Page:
Hopeful business owner Troy Koput, who has been trying to launch Deville's Lounge in the former Foxys Bar space, has requested a public meeting to discuss the approval of the retail alcohol beverage license needed to open the business.
Koput has faced an enormous amount of opposition from city officials since he first proposed opening the bar in November. At that time, former Foxys employee Christian Zaja was set to be the manager of the bar.
Zaja is no longer with the business in hopes that the negative publicity tied to his background — an OWI six years ago as well as an after hours violation cited in Port Police Chief Kevin Hingiss' report recommending denial of the license — will go away.
- Replacing Foxys: Follow the story on Patch's page about the issue
The issue was to be addressed in closed session by the Port Washington Common Council on Tuesday, until Koput called City Administrator Mark Grams this week requesting an open session. The meeting starts at 7:30 p.m. Tuesday at Port's City Hall.
But Grams said the fact that Zaja would be out of the picture doesn't change his mind, as he doesn't think the addition of another bar benefits the city.
"I guess in my mind it still doesn’t change anything. ... Those are all just regular bars — how many does a city of our size have to have?" Grams said, adding he would prefer a restaurant-type bar where the primary focus would be on food.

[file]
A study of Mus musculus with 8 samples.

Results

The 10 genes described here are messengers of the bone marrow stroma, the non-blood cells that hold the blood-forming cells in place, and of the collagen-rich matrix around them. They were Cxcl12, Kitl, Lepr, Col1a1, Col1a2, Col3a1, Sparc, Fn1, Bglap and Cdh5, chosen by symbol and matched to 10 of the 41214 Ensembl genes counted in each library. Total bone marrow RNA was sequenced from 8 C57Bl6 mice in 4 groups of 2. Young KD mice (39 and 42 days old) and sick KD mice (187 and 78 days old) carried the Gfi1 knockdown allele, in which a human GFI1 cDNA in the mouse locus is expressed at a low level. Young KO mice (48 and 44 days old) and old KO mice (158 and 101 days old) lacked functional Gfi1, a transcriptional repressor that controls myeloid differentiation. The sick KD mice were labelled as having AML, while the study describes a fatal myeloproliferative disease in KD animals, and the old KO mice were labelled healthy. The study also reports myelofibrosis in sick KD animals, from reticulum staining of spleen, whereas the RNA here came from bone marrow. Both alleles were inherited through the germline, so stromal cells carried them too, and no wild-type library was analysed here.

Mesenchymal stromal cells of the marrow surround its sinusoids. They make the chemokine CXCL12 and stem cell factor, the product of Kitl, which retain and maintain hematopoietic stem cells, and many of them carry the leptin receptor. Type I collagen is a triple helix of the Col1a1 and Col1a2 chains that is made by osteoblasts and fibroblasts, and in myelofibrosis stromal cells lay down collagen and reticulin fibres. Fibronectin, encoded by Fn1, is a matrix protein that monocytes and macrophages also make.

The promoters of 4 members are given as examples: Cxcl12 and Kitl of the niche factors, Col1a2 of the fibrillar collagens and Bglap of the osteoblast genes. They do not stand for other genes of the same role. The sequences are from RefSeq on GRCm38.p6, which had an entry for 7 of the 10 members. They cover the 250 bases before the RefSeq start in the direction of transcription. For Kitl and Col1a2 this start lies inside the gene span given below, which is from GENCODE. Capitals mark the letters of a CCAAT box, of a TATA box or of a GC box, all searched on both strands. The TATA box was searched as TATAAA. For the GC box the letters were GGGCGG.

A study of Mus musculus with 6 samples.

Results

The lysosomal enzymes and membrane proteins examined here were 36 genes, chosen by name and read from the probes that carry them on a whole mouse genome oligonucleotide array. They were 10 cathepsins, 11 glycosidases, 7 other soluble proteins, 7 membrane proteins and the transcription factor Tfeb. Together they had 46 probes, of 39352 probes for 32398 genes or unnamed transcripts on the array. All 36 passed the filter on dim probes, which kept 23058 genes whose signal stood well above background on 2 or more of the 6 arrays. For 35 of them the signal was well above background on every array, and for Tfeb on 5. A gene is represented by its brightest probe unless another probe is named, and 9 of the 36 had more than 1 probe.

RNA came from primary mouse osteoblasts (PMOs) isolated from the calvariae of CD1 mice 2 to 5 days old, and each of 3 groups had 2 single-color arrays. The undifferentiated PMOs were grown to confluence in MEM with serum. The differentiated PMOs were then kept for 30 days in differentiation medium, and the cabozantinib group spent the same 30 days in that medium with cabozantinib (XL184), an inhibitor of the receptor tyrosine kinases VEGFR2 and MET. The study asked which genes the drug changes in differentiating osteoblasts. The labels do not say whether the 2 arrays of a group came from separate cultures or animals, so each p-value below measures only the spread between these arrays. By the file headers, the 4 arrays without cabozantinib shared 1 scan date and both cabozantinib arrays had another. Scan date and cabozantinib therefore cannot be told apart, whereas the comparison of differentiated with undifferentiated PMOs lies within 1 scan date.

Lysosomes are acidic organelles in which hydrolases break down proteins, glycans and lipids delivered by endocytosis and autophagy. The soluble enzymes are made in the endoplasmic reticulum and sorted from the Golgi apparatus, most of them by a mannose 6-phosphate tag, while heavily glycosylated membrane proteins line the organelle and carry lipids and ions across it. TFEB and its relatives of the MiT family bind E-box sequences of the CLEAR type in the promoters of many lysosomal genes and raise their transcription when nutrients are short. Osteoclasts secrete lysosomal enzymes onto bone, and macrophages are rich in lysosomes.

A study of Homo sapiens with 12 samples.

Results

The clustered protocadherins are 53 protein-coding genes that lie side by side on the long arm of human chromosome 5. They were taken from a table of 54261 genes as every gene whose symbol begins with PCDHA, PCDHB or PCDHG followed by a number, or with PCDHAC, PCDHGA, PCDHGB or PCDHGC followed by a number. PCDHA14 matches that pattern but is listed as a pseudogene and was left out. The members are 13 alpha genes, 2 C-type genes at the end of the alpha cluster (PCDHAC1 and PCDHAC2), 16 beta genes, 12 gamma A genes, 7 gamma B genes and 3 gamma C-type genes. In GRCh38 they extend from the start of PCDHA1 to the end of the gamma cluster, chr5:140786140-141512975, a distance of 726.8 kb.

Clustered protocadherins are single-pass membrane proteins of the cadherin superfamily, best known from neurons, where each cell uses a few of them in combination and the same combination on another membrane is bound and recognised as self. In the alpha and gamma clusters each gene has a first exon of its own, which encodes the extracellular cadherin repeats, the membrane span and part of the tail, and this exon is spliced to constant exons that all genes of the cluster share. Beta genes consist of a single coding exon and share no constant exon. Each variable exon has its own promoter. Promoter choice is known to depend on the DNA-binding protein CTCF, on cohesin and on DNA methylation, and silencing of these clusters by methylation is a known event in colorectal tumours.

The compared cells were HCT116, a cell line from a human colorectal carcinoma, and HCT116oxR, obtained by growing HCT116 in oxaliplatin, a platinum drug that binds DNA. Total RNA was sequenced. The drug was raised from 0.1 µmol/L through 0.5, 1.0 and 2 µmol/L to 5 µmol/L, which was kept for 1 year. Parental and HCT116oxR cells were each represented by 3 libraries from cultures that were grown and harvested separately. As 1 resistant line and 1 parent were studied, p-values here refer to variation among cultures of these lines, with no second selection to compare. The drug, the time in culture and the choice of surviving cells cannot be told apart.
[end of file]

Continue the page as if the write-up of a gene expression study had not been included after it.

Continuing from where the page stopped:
- missing electrical junction box covers;
- extension cords being used incorrectly where permanent wiring should be;
- inoperable cooking equipment;
- a loose sink, crushed ductwork and missing drywall in the bathroom;
- and cracked windows, among other issues.
And while some argue that these problems have long existed at Foxys and it should not be a reason to hold up the process for Deville's, Grams said the process for reapproving the license for Foxys year-after-year makes it hard to bring such problems to the surface.
"It's a different process that you have to go through — whenever somebody changes ownership that’s when you get kind of a new kick at the cat," Grams said. "It's difficult to turn (a renewal) down."
If the Common Council decides to approve Deville's retail alcohol license on Tuesday, the building code violations will need to be fixed before the license will be issued.